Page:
Milk has long been recommended by doctors and nutritionists for boosting calcium intake and helping to keep bones strong.
But new research suggests that it does little to strengthen bones and can double the risk of an early death.
A study which tracked 61,000 women and 45,000 men for 20 years found there was no reduction in broken bones for those who consumed the most milk.
For women it was associated with an increased chance of suffering a fracture. Those who drank three glasses or more a day (680ml) were twice as likely to die early than those who consumed less than one.
The NHS recommends milk to help with osteoporosis and says that a pint (about 550ml) provides a healthy amount of calcium for the day.
Until 1971 all children under seven received one third of a pint of milk each school day, However, Margaret Thatcher scrapped the allowance to save money when she was education secretary under Sir Edward Heath. It earned her the nickname "Milk Snatcher".
The study's lead author Professor Karl Michaelsson, of Uppsala University in Sweden, said: "Our results may question the validity of recommendations to consume high amounts of milk to prevent fragility fractures. A higher consumption of milk in women and men is not accompanied by a lower risk of fracture and instead may be associated with a higher rate of death."
Almost three million people in Britain are thought to suffer from osteoporosis. Half of women will suffer a fracture after the age of 50, and one in five men. Bone is living tissue that is constantly broken down and built up. In healthy individuals, bone production exceeds bone destruction up to about the age of 30 when the skeleton gradually starts to deteriorate.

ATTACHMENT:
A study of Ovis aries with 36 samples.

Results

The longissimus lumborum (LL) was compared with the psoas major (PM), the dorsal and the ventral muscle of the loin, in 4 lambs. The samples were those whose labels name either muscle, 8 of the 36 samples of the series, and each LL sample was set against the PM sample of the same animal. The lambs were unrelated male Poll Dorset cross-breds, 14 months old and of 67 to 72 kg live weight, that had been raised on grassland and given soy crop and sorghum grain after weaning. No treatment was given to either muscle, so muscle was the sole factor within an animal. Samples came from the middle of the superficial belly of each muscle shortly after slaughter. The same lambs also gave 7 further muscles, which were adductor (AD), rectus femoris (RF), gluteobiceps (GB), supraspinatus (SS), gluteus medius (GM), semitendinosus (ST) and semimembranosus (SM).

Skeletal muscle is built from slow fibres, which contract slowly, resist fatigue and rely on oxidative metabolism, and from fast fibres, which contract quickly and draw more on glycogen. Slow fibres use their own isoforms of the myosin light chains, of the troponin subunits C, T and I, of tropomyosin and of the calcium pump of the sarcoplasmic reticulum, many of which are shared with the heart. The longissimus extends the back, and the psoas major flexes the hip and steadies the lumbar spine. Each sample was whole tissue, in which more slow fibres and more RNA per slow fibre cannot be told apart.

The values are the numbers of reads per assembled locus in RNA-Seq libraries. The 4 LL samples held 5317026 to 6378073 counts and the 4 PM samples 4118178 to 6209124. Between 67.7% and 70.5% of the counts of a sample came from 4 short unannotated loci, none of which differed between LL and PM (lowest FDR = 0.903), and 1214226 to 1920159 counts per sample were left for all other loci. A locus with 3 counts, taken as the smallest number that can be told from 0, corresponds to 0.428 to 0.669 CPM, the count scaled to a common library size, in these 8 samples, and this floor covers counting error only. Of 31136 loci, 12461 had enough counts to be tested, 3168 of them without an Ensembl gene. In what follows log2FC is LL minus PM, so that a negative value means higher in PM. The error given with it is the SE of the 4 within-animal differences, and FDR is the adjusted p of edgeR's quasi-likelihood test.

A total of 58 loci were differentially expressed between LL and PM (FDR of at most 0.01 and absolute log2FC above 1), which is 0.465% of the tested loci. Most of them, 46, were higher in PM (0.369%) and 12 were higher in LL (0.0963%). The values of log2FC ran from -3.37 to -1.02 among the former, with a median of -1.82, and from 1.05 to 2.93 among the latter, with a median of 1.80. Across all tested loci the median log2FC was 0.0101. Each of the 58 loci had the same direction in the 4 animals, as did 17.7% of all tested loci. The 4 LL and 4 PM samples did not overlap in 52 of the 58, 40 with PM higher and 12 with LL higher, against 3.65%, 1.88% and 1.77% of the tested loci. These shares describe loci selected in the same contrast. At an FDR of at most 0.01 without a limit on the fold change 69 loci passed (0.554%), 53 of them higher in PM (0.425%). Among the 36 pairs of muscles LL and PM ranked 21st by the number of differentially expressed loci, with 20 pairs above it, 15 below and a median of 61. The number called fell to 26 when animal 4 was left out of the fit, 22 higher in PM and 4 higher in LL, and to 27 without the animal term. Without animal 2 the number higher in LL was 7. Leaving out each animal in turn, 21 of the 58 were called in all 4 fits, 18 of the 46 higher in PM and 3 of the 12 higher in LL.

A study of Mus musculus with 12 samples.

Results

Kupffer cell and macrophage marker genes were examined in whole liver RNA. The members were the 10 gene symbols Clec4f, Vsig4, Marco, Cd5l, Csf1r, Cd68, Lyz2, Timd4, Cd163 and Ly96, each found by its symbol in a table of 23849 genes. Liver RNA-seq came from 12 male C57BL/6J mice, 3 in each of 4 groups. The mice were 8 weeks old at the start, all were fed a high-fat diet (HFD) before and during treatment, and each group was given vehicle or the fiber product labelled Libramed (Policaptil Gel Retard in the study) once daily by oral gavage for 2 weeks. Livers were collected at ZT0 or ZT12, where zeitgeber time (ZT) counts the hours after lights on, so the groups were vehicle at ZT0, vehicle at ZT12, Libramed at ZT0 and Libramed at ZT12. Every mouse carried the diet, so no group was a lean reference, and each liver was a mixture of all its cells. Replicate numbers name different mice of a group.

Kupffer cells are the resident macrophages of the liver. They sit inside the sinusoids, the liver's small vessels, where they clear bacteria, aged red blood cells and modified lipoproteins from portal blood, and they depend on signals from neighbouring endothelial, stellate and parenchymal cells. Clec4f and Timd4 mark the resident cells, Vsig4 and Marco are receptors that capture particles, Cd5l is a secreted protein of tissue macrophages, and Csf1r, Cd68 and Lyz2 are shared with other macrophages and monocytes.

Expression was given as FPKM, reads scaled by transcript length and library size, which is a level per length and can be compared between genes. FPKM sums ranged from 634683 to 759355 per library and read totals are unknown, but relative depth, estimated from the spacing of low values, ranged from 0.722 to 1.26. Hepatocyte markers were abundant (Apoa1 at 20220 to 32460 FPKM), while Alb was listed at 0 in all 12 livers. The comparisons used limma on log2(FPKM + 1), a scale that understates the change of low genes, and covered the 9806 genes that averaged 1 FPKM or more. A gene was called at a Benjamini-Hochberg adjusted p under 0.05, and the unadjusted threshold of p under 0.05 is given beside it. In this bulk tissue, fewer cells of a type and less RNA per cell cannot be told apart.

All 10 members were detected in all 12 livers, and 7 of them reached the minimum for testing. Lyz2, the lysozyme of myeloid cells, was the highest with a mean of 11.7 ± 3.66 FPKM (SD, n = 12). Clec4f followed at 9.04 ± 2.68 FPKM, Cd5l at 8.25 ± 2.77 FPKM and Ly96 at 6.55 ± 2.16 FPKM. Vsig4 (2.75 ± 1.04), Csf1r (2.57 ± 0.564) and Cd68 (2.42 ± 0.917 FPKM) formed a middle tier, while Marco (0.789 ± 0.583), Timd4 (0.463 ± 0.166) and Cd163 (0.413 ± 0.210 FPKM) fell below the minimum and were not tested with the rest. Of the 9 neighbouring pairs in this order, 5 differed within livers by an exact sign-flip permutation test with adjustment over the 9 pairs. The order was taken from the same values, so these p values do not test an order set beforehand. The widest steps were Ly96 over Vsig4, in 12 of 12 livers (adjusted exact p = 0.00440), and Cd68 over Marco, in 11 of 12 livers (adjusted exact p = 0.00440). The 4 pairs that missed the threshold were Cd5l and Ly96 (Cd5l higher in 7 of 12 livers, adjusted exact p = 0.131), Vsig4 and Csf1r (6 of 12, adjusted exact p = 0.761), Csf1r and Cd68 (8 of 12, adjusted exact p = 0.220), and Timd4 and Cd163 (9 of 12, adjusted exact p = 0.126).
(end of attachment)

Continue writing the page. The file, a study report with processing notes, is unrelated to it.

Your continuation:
Calcium is needed for bone building, which would suggest milk should be beneficial. But researchers believe the fat in milk cancels out the positive effects of calcium, triggering inflammation and increasing the risk of heart attacks.
However, low fat dairy products, such as cheese and yoghurt, had a beneficial effect, reducing early death and promoting bone health. British experts said the research should be treated with caution because the milk in Sweden is fortified with vitamin A which could have an impact on the findings.
Prof Sue Lanham-New, head of the Department of Nutritional Sciences at the University of Surrey, said: "We know that low calcium intakes (less than 400mg per day) is a risk factor for osteoporosis. Individuals should still be encouraged to consume a balanced diet from the five key food groups of which milk and dairy are key."
Gaynor Bussell, a public health nutritionist, said: "There may be another factor causing the increased mortality and fracture rate in women. Milk is a convenient source of calcium as well as many other vitamins and minerals. One such study is insufficient to base public health decisions on."
Public Health England said other studies showed milk protected against heart disease and stroke and may help prevent diabetes. The health body said it would not be changing guidelines.
Dr Louis Levy, of Public Health England, said: "The authors advise caution in interpreting the results and are not recommending that anyone stops drinking milk or eating dairy products." The research was published in the British Medical Journal.